The arrests of 19 ethnic Pashtun activists in Pakistan this week has fuelled fears of a fresh crackdown on the civil rights movement and a call by Amnesty International on Thursday for their immediate release.
The members of the Pashtun Tahaffuz Movement (PTM), which was founded a year ago to protest the death of a Pashtun man killed by police in the port city of Karachi, were arrested on Tuesday during protests against police violence.
“Around 18 of our activists are still in custody,” PTM leader and member of parliament Ali Wazir told Reuters, adding that one of those detained had been released.
Tuesday’s protests followed the death of PTM regional leader Arman Loni in southwestern Baluchistan province which the group blamed on police.
Mohsin Dawar, a member of parliament and founding member of PTM, said police had singled Loni out and beat him to death.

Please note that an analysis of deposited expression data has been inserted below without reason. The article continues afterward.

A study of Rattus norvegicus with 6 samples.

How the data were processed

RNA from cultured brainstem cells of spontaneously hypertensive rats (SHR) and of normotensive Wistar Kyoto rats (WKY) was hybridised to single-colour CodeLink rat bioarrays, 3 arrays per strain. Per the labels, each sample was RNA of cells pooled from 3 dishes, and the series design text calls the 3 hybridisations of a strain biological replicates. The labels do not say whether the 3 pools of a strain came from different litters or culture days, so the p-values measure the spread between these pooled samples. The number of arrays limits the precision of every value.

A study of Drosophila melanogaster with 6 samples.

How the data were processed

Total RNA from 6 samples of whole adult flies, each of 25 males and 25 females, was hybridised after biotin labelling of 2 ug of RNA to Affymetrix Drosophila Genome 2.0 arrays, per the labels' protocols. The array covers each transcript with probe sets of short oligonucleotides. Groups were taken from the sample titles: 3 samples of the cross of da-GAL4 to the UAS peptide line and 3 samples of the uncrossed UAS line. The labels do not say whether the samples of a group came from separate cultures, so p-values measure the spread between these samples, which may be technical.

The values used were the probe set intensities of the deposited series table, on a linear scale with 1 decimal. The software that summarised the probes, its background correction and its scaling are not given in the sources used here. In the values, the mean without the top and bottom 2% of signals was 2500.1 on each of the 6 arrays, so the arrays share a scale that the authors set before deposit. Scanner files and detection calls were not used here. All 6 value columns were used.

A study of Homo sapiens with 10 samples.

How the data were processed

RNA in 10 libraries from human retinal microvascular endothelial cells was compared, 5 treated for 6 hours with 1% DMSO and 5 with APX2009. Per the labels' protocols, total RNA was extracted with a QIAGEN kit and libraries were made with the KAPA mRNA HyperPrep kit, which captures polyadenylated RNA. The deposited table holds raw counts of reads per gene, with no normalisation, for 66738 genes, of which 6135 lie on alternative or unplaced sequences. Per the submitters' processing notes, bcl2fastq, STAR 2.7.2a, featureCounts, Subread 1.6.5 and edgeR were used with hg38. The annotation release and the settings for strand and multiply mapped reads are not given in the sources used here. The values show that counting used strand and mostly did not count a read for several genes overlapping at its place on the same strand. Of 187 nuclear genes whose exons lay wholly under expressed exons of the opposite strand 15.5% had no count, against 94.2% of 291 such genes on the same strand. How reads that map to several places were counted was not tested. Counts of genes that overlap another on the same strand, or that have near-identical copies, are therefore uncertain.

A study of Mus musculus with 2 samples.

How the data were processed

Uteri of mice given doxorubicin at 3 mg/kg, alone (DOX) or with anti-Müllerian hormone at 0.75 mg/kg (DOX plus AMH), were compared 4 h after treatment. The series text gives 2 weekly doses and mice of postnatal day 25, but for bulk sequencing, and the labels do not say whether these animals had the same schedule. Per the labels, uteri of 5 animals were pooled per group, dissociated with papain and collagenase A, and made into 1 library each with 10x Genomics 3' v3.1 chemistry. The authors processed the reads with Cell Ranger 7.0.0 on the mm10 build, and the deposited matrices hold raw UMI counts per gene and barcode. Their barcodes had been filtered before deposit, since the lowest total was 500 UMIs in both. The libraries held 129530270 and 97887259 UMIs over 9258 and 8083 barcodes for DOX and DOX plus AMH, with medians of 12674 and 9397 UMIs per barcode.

A police spokesman said Loni died of a heart attack after clashes between protesters and police.
Authorities “must immediately and unconditionally release protesters belonging to the peaceful Pashtun Tahaffuz Movement,” rights group Amnesty International said in a statement.
“It is shocking that the Pakistani authorities have resorted to such heavy-handed methods even as senior government officials have clearly acknowledged that the PTM has legitimate grievances that must be addressed,” Amnesty South Asia researcher Rabia Mehmood said.
PTM blames the military and other state agencies for what it says are forced disappearances resulting in thousands of missing persons’ cases, mainly from the Pashtun region bordering Afghanistan.
The group is viewed with deep suspicion by the military which says it undermines Pakistan. The army has said it does not detain individuals without evidence.
The arrest last month of senior PTM leader Alamzeb Mehsud in Karachi drew an outcry on social media. He was charged under anti-terrorism and public order laws, but his supporters say he was arrested for protesting against abuses by the military.
Following a series of nationwide protests last year, hundreds of PTM activists were arrested and detained across the country in a large-scale crackdown against the group.
Dawar and Wazir, founding PTM members, were elected to parliament in July from the Pashtun majority Waziristan region bordering Afghanistan, highlighting the group’s growing appeal among Pakistan’s 35 million Pashtuns.